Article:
Art has the power to transfer meaning from the hands of the painter into the heart of the beholder. On July 11th, Helping Hand Coalition opened its headquarters to an exhibition of artwork from all over the world. Welcoming back the Artists for Holocaust Survivors, led by Jörn Lange, and twenty-six survivors from Rishon LeZion, led by Evgenia Tzofim, it was an afternoon of impacting moments and heartfelt connection.
Hosted by Andre and Bozena Gasiorowski (Co-founders of Helping Hand Coalition) and organized by Alexander and Cecilia Dietze (Founders of Back to Zion), the Shalom House began with an introduction from the team. A special welcome was also extended to Norbert and Ivanka Palimąka, Founders of the ESPA Foundation. When asked to share a few words, Norbert expressed his greetings from Poland, “Every time we see such a beautiful group, it’s a pleasure for us, so we’re happy to be with you.”
Grateful to be invited back to Caesarea, Evgenia was emotional as she expressed her group’s appreciation and gave Andre and Bozena a large bouquet of flowers with a blessing — “May this house always smell sweet.” — along with a beautiful hand-crafted picture made by one of the survivors.
Inviting Alexander Dietze to share how he began working with Helping Hand Coalition, Andre translated while Alexander explained the moment his eyes were opened and his heart changed forever. Ten years ago, Alexander’s grandfather came to him with a “special” gift. Never speaking of his part in World War II before that day, Alexander was struck speechless as his grandfather handed him the medallions he’d been awarded for his service as a Wehrmacht (German soldier). Holding these weighted medals, Alexander realized that the Holocaust was not just a part of history but his family. Desperate to bring healing for what his grandfather had done, Alexander moved his family to Israel and partnered with Helping Hand Coalition to bring reconciliation between Germans and survivors. Alexander said, “Even standing here with Andre, a Pole, it’s healing — enemies of the past are now friends.”
“The children of your oppressors will come bowing before you…” ~ Isaiah 60:14
After taking a tour of Auschwitz and leaving heavier than he’d anticipated, Jörn Lange came to Israel with a heart to serve the survivors and bring beauty into their lives. For more than seven years, he has collaborated with artists from all over the world, calling themselves Artists for Holocaust Survivors, to create canvases inspired by heaven and gift them to the survivors in Israel. All they ask is that the survivors choose the artwork that speaks to their hearts the most.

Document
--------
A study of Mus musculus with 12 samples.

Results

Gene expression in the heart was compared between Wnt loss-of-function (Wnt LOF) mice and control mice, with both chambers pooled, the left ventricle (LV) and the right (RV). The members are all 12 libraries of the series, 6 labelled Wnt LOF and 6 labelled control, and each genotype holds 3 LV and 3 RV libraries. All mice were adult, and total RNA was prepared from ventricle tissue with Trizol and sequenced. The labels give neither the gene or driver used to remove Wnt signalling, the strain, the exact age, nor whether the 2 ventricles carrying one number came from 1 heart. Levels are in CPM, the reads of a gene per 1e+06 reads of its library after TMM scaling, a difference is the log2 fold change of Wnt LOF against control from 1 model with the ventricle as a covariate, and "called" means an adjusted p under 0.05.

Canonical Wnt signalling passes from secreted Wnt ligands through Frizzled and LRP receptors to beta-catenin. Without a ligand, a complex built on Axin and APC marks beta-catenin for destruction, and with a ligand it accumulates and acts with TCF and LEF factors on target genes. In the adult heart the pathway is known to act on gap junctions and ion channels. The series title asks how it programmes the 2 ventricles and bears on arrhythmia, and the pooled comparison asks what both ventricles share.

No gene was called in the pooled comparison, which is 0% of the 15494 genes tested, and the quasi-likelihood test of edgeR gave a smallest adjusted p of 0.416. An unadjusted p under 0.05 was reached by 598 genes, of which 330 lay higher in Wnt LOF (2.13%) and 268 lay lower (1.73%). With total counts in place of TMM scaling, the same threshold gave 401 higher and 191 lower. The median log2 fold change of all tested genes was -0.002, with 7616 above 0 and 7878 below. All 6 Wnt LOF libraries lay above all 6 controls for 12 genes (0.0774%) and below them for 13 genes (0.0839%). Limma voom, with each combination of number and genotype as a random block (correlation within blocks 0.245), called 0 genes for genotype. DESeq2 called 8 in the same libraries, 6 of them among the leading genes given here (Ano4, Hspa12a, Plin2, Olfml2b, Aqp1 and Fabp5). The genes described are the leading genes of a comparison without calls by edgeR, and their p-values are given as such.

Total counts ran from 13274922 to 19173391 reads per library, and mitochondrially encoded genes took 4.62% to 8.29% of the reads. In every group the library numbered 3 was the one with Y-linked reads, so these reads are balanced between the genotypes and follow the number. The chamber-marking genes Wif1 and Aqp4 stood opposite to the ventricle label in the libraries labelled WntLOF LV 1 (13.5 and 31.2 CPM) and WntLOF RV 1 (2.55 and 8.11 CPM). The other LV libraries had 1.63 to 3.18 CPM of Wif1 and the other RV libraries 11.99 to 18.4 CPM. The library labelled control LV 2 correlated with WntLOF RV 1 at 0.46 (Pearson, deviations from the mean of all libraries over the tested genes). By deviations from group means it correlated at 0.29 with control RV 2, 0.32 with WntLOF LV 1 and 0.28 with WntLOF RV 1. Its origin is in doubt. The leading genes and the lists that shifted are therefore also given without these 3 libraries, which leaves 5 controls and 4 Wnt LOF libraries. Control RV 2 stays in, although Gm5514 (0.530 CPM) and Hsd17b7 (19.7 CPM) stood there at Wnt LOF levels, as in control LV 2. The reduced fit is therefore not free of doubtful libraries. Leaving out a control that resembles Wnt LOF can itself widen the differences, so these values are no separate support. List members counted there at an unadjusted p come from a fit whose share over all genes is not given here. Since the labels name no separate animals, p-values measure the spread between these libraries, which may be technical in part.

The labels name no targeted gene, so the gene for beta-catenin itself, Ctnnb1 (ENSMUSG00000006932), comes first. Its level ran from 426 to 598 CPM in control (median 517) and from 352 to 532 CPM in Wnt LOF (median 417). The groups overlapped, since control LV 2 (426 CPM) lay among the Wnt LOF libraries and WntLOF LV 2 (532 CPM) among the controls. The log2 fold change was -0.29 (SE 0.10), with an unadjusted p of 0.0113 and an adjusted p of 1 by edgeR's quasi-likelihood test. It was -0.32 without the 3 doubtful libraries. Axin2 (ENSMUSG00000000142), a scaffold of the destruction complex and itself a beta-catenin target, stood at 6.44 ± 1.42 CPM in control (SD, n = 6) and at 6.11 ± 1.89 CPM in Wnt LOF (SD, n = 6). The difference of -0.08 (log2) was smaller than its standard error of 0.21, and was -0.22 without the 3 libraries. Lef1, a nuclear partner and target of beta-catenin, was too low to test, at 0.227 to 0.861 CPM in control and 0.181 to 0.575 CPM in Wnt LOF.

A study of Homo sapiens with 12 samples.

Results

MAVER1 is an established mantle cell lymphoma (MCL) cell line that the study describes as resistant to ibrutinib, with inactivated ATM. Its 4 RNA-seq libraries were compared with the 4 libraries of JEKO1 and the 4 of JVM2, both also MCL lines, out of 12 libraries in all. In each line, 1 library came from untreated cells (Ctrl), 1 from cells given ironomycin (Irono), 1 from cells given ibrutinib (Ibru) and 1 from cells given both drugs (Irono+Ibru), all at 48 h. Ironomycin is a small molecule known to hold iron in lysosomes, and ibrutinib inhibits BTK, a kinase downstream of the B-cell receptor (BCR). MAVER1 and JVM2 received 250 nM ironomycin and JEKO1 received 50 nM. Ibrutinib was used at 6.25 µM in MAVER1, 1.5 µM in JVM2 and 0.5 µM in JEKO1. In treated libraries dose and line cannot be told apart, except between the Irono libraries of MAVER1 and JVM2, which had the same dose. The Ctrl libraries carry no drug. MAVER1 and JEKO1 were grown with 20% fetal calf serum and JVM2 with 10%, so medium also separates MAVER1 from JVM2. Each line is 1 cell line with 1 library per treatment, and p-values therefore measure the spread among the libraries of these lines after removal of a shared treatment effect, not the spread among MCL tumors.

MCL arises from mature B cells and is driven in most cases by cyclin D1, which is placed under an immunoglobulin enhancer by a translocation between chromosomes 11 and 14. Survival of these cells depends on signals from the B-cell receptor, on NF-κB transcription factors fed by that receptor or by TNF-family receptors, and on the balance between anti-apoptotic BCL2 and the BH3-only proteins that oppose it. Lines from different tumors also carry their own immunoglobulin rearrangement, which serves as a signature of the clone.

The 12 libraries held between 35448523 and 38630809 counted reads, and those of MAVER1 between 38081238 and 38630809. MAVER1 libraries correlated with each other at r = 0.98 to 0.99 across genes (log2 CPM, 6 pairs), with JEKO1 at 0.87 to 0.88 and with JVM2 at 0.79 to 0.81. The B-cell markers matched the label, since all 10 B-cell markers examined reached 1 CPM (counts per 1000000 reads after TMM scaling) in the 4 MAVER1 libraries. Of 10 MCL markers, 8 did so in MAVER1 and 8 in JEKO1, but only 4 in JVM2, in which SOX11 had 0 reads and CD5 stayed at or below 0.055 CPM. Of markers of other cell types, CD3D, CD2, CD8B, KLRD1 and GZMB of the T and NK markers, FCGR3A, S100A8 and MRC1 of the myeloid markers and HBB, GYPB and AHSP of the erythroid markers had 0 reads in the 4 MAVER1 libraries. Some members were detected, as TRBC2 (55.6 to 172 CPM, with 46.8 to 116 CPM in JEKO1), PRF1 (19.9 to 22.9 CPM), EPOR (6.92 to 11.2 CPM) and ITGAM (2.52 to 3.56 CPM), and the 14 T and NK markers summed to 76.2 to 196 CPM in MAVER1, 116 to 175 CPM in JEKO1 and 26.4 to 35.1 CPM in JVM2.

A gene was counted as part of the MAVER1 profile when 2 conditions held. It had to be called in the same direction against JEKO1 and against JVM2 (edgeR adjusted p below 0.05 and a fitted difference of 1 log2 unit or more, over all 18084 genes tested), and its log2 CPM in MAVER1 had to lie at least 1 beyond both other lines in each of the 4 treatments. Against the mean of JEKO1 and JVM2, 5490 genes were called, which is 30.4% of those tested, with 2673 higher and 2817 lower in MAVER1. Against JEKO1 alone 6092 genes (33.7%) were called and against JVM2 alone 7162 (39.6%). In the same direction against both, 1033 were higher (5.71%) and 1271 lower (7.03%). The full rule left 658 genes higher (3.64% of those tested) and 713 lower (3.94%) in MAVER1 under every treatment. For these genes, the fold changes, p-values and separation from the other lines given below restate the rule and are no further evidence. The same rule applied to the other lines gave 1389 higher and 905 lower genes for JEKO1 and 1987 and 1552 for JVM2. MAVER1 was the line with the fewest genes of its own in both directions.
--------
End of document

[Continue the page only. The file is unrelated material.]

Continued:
Introducing Rod and Marianne Billitt, two artists joining him on this trip, Jörn explained, “As a German and a couple from Great Britain, we have come to serve you, and we hope with these paintings that we will be able to bring some of that beauty back to you.”
Displaying pieces painted by nine artists, the survivors were invited to browse the exhibit and choose the image that captured their hearts. When the paintings were distributed, a few survivors shared why they’d chosen those pieces.
Excitedly holding up her picture — called “New Life” by Marianne — Evgenia explained that every day for more than fifty years, she had seen the image each time she looked through a microscope. Marianne was blown away by this because she had no idea that she had painted an actual cell! She said, “God knows us all by name, and all we have to do is listen in faith and believe that the right person will receive the right painting. From heart to heart.”
Before lunch, Alexander and Cecilia performed a melody of Israeli songs, which got the survivors clapping and singing along. Then, Bozena surprised a survivor with a cake for her birthday.
Catered by Orly, lunch consisted of rice, meatballs, and a salad. Deliciously reviving, the survivors enjoyed the food in the living room, expressing their thanks to Luke and Sarah Gasiorowski and the rest of the team.
Helping Hand Coalition wishes to extend its gratitude to the Artists for Holocaust Survivors, Evgenia and her group, the Dietze family, the Palimąkas, and everyone who participated in the day’s event. The Shalom House Project is about more than giving the survivors of the Holocaust a special day; it’s about forming bonds and welcoming people into our lives and hearts. Serving them is the greatest gift, and it’s a joy to see them each week!